More on Trenton’s Special Education “Warehouse of Hopelessness”April 17, 2013
Inequities in Charter School FundingApril 17, 2013
Camden Mayor Dana Redd, according to the Philadelphia Inquirer, has “shaken up the Camden Board of Education” by appointing two new members, Dorothy Burley and Jennifer Martinez. They will replace Sean Brown, who said he was uninterested in serving on a newly-designated Advisory Board instead of a typical School Board, and Ray Lamboy, who wanted to stay on the Board.
Both Brown and Lamboy, according to the Inquirer, were critical of the state takeover and Lamboy “abstained from voting in all Renaissance school-related votes, citing what he said was a lack of analysis of the schools’ long-term impact.” That’s a reference to the new mini-district in Camden run by KIPP Charter Schools. Another seat remains open on the Camden School Boar because Kathryn Ribay resigned the day the state announced its takeover.
The state takeover of Camden diminishes the power of the Board, which was mayor-appointed anyway and already answered to a State Fiscal Monitor with veto power over all budgetary items.
The first new Camden Board of Education member, Dorothy “Dot” Burley, was described in a 1993 Inquirer article as a “longtime soldier in the Camden City Democratic Party” upon her appointment as city clerk.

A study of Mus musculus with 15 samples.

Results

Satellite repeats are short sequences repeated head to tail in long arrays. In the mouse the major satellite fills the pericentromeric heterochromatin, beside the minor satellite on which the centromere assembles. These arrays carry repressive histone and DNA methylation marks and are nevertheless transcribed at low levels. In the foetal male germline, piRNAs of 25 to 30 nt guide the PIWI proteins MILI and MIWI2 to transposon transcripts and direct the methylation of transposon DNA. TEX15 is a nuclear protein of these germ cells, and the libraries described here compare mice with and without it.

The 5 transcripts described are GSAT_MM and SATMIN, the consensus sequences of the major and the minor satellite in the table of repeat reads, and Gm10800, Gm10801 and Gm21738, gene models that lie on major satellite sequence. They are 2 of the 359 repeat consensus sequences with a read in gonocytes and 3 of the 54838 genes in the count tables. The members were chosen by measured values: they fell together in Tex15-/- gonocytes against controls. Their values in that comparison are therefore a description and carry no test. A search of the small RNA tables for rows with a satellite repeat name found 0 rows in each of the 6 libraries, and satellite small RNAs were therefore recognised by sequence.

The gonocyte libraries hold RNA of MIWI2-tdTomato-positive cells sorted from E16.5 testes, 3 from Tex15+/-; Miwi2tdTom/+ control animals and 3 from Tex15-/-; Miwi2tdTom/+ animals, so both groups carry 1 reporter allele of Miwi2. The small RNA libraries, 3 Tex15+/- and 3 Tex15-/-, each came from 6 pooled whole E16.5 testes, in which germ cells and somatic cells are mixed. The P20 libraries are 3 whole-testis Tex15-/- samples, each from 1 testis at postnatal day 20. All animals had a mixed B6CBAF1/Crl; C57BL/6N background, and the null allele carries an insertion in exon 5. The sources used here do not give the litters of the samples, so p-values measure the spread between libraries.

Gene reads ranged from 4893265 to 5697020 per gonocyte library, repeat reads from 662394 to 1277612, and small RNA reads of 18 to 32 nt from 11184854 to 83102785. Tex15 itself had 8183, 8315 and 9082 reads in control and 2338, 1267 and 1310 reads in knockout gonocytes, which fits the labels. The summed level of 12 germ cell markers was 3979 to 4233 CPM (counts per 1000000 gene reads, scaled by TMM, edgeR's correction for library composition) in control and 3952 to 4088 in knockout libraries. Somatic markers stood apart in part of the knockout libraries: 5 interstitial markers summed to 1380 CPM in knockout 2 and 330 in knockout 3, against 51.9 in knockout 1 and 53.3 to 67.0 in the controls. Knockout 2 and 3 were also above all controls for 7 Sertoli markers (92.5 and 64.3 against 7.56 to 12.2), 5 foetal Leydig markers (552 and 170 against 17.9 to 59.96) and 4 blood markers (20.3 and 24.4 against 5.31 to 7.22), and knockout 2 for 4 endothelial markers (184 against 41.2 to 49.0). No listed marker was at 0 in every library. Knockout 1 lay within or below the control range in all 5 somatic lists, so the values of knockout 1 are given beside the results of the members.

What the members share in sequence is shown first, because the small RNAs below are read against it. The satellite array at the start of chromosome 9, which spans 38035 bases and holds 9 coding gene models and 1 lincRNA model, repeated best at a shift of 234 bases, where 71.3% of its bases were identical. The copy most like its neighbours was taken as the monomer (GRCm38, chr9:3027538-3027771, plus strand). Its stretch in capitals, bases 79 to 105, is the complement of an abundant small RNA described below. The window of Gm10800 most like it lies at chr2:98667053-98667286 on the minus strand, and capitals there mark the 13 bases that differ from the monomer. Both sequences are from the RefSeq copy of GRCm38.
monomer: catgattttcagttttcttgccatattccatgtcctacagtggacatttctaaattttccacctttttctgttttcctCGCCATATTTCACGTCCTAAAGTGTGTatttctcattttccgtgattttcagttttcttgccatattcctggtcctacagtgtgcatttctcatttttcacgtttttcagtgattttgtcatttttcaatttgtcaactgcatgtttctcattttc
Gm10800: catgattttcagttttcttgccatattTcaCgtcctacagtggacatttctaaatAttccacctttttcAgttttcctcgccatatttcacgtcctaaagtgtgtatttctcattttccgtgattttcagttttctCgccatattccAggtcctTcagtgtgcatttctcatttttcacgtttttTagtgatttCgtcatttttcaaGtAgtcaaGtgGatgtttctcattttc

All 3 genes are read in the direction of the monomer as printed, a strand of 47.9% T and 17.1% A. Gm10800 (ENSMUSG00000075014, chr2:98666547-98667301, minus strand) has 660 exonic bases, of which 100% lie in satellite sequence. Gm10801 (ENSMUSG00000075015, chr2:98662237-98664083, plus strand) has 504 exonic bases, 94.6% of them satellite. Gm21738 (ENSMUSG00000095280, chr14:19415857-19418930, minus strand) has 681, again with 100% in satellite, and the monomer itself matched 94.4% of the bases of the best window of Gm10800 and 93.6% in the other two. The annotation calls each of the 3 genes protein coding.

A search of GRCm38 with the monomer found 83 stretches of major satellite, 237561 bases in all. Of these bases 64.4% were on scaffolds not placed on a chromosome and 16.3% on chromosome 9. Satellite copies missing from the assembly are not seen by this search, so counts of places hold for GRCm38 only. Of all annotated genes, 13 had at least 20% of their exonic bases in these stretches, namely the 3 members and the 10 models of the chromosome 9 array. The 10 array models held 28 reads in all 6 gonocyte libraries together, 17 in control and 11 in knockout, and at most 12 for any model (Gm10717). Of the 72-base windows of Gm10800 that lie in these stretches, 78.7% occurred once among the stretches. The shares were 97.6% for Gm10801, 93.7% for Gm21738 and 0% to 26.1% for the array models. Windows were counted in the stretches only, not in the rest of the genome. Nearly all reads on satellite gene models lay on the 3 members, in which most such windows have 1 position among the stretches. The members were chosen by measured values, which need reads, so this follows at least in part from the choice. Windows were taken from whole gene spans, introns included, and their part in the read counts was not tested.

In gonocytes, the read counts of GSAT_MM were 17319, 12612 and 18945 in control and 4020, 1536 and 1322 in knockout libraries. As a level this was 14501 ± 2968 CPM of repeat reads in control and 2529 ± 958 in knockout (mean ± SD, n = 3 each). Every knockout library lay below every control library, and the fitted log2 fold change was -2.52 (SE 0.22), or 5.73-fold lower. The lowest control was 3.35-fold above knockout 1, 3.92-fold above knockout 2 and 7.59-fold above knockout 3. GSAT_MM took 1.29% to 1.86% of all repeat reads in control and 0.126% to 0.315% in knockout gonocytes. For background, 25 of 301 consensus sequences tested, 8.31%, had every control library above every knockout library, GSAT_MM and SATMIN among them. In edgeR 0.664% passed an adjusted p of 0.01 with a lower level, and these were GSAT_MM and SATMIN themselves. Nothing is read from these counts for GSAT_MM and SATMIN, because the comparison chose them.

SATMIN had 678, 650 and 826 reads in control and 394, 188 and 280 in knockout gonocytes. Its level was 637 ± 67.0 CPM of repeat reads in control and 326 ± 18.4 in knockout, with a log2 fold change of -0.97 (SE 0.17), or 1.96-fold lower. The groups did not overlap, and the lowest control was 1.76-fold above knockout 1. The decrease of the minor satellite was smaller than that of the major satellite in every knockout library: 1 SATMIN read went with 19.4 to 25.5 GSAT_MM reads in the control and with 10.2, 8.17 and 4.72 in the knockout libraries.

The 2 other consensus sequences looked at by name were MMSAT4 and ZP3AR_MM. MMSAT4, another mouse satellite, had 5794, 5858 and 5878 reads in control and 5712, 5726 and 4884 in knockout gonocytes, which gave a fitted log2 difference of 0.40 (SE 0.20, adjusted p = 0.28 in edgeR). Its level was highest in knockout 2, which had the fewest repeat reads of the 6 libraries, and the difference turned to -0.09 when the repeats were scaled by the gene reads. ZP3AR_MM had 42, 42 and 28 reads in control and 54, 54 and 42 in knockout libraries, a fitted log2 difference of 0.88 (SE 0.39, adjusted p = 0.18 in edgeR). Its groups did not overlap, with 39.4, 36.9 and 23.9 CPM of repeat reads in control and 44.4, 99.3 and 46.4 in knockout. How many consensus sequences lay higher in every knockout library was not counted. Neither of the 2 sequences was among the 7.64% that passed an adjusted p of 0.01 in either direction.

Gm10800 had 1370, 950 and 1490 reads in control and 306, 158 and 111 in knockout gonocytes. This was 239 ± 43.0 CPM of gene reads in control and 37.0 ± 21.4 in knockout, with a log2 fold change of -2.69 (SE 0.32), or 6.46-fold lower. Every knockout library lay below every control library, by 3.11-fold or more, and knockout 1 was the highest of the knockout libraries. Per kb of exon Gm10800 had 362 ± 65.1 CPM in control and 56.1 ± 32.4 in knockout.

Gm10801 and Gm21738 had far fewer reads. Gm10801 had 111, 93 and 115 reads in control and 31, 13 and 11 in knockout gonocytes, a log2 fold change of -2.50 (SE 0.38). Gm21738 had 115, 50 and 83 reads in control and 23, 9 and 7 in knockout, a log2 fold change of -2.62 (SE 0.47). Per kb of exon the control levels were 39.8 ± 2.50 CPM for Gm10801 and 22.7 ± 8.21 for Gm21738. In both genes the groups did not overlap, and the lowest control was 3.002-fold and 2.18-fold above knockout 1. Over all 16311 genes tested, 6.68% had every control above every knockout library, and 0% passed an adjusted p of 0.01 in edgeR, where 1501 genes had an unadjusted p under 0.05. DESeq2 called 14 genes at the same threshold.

From the two-decades old article:
“Old soldiers never die,” one well-wisher whispered to Burley as he passed her in a receiving line after ing the ceremony.
Burley is treasurer of both the Camden city and county Democratic committees.
She will leave her post with the Camden County Board of Elections to work as city clerk. But she will continue as chairwoman of the Camden Housing Authority Board of Commissioners.
Some critics of the appointment, who attended a recent Council meeting, questioned whether Burley as a longtime party activist could be objective in the new post, especially with the increase in petition drives that have occurred in recent years as a backlash against the city’s Democratic organization.
“I’m here to do what’s right,” Burley responded yesterday after the ceremony. “I’ve always been able to separate politics from city duties. Whether we’re Democratic, Republican, independents – until we come together as people, we’ll never solve our problems. As long as we fight each other we’re part of the problem not the solution.”
Questions were raised about the process of Burley’s selection.
“They didn’t even make a half-hearted attempts to find someone qualified,” explained Jose Delgado, a community activist.
Jennifer Martinez, according to her bio on the website of the 2012 Hispanic Leadership Summit,“ is the first independent female minority-owned certified food distributor in New Jersey and New York.”